Free food. Yes, I said free food. As grocery prices continue to soar, there’s one place you can continue to get a free meal, and that’s at home. Chance are, you have food you might not even be thinking about in your freezer or pantry. You just need to find out what you have and then plan something to do with it. If there’s ever been a time to eat what you have, the time is now. 

Start with your fresh food. Hang a calendar on, or close to, your fridge and commit to posting the expiration date of every perishable item you add. As you put away fresh meat or chicken, dairy, eggs, cheese, deli meat, fresh pasta, or tofu add it to the calendar. This is a great way to keep track and knowing what you need to use ahead of time helps to cut down on food waste. Start here, too, when planning your meals and plan around what needs to be used next.

Check your freezer for more free food. Frozen properly, food lasts a remarkably long time, but it’s best if you can stay on top of it and use things up sooner. Combine your freezer finds with some pantry items and you’ve got dinner. If you have a pound of ground meat in your freezer, you’re in luck. This week, we’re making Skillet Pantry Pasta, an easy and delicious way to stretch a pound of ground beef into a filling family dinner. Made in one pot, it’s soothing, satisfying, and sure to please. 

If you’re craving something good, there’s nothing like a homemade meal. Made from scratch, there are no processed ingredients, preservatives or things you can’t eat. When you cook at home, you can have anything you want and make your food any way you like. You can be mindful of allergies, special diets, and food preferences. Best of all, you can cook using what you have on hand. Free food.

I made this using lean ground beef, but you could use ground turkey, chicken, or even sausage. Substitute lentils, mushrooms, or beans and vegetable broth and non-dairy products to make this plant-based. Use any shaped pasta that you have on hand. I used an 8-ounce package of Banza chickpea pasta to make this gluten-free while also adding some additional fiber and protein.

I cooked the pasta for the minimum time, just 7 minutes, so that it would have some toothsome chewiness and also keep its shape. You can swap in 1 cup of canned diced tomatoes in place of the tomato sauce, but I didn’t want chunks of tomato, so I used the sauce. I used reduced fat shredded cheese and just eyeballed the amount, sprinkling what looked like enough over the top. I did the same with the cream, adding a generous glug and thinking I could always add more if needed. It was delicious!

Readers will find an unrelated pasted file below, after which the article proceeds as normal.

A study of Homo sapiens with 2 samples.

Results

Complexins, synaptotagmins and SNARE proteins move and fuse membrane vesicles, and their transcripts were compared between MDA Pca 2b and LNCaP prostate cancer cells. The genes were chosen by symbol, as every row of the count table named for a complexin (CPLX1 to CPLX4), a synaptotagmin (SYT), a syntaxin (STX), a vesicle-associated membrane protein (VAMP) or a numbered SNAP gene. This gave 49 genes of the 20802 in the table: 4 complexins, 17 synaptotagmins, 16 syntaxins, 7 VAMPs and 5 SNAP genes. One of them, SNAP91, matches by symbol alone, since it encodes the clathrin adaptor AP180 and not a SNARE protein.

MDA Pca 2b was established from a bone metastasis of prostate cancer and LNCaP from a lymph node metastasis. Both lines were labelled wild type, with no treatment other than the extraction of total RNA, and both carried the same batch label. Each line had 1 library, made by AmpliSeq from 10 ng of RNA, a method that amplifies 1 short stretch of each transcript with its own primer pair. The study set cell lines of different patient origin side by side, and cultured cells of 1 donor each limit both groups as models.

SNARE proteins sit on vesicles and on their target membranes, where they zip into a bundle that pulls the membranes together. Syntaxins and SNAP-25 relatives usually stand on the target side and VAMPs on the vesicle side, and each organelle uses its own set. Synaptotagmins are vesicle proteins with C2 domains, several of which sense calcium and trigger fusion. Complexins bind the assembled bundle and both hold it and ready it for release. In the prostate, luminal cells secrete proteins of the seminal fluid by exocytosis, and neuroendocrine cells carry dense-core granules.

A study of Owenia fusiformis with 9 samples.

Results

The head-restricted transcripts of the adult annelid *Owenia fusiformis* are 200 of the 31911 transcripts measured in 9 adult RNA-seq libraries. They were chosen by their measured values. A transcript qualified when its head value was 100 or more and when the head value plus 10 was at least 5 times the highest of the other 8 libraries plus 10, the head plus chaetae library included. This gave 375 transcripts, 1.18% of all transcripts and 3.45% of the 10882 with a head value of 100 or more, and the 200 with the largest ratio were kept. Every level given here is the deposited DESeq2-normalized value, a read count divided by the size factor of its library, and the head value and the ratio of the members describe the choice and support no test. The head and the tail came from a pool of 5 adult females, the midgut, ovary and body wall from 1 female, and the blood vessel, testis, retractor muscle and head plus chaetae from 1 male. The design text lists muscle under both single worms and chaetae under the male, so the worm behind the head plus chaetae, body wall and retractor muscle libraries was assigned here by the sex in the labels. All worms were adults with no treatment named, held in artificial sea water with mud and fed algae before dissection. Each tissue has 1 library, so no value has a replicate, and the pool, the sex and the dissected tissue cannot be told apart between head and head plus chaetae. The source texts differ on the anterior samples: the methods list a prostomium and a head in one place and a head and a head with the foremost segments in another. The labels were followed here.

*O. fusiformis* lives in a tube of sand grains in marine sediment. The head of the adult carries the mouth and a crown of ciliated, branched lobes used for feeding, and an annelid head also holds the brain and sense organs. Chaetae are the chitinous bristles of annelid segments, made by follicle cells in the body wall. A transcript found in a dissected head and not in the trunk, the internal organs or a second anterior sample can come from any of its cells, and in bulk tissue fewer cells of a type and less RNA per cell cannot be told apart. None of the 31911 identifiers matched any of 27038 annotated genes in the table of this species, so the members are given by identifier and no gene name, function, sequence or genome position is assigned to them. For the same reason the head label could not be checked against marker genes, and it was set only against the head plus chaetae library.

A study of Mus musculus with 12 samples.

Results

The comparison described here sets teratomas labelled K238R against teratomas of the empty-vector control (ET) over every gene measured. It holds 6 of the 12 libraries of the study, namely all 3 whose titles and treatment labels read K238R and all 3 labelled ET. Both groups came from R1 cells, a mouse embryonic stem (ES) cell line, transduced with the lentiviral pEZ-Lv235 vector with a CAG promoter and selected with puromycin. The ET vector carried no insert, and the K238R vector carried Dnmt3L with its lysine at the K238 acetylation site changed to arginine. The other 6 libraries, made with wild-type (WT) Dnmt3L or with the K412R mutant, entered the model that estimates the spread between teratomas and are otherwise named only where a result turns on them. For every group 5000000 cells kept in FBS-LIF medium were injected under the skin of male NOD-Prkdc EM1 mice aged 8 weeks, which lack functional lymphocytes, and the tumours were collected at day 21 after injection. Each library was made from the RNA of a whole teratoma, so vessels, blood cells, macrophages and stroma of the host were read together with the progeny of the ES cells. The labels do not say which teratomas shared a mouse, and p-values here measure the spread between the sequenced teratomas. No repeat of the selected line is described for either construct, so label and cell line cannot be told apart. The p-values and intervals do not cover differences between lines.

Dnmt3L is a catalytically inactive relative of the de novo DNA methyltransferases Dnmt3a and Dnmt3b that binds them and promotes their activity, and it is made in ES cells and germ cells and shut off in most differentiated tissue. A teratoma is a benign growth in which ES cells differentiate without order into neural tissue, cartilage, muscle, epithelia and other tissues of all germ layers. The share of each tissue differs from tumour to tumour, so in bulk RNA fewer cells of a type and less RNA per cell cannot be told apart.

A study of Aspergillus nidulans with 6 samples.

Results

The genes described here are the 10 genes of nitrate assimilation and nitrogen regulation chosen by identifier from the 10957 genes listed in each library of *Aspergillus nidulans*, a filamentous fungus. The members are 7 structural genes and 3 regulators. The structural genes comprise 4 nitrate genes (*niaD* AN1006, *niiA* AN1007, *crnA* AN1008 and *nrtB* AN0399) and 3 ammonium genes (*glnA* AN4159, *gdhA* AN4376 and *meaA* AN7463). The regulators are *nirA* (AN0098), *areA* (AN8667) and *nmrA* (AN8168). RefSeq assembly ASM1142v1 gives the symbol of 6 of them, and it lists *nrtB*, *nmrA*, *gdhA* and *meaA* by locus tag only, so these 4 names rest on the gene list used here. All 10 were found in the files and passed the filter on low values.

Melty cheese, savory beef and pasta. Soothing and satisfying, it’s a perfect fall dinner.

Skillet Pantry Pasta 

  • 1 pound lean ground beef (90/10 or less)
  • 1 medium yellow onion, chopped (about 3/4 cup)
  • 3 cloves, garlic, chopped
  • 1 Tablespoon paprika
  • freshly ground black pepper
  • 3 cups beef broth (or 3 cups water plus 1 Tablespoon Better Than Bouillon Beef Concentrate)
  • 1 cup tomato sauce
  • 12 ounces elbow (or other) pasta
  • 1/4 to 1/2 cup heavy cream 
  • 8 ounces shredded mild cheddar cheese 
  • 1 American cheese slice, torn into small pieces
  • salt to taste
  • chopped fresh parsley, for garnish 

Combine ground beef and onion in a large skillet or Dutch oven set over medium heat. Cook until onion is softened and ground beef loses its pink color, about 15 minutes, breaking up beef with a spoon as it cooks. Add garlic, paprika and black pepper. Cook and stir, 1 minute.

Add beef broth and tomato sauce to the ground beef mixture and stir to combine. Bring to a simmer, then add pasta and reduce heat to medium-low. Cook, continuing to stir occasionally, until pasta is al dente, about 8 minutes or according to package directions. 

Reduce heat to low. Add a generous splash of heavy cream, sprinkle with cheese and add cheese slice. Stir in cheeses until fully melted and creamy. Taste and adjust, adding more cream, cheese or salt if desired. Garnish with fresh parsley and serve.

Donna Ferguson

Donna Ferguson

I love to cook, garden, and write about all the things in Vancouver and the Northwest that make life so great.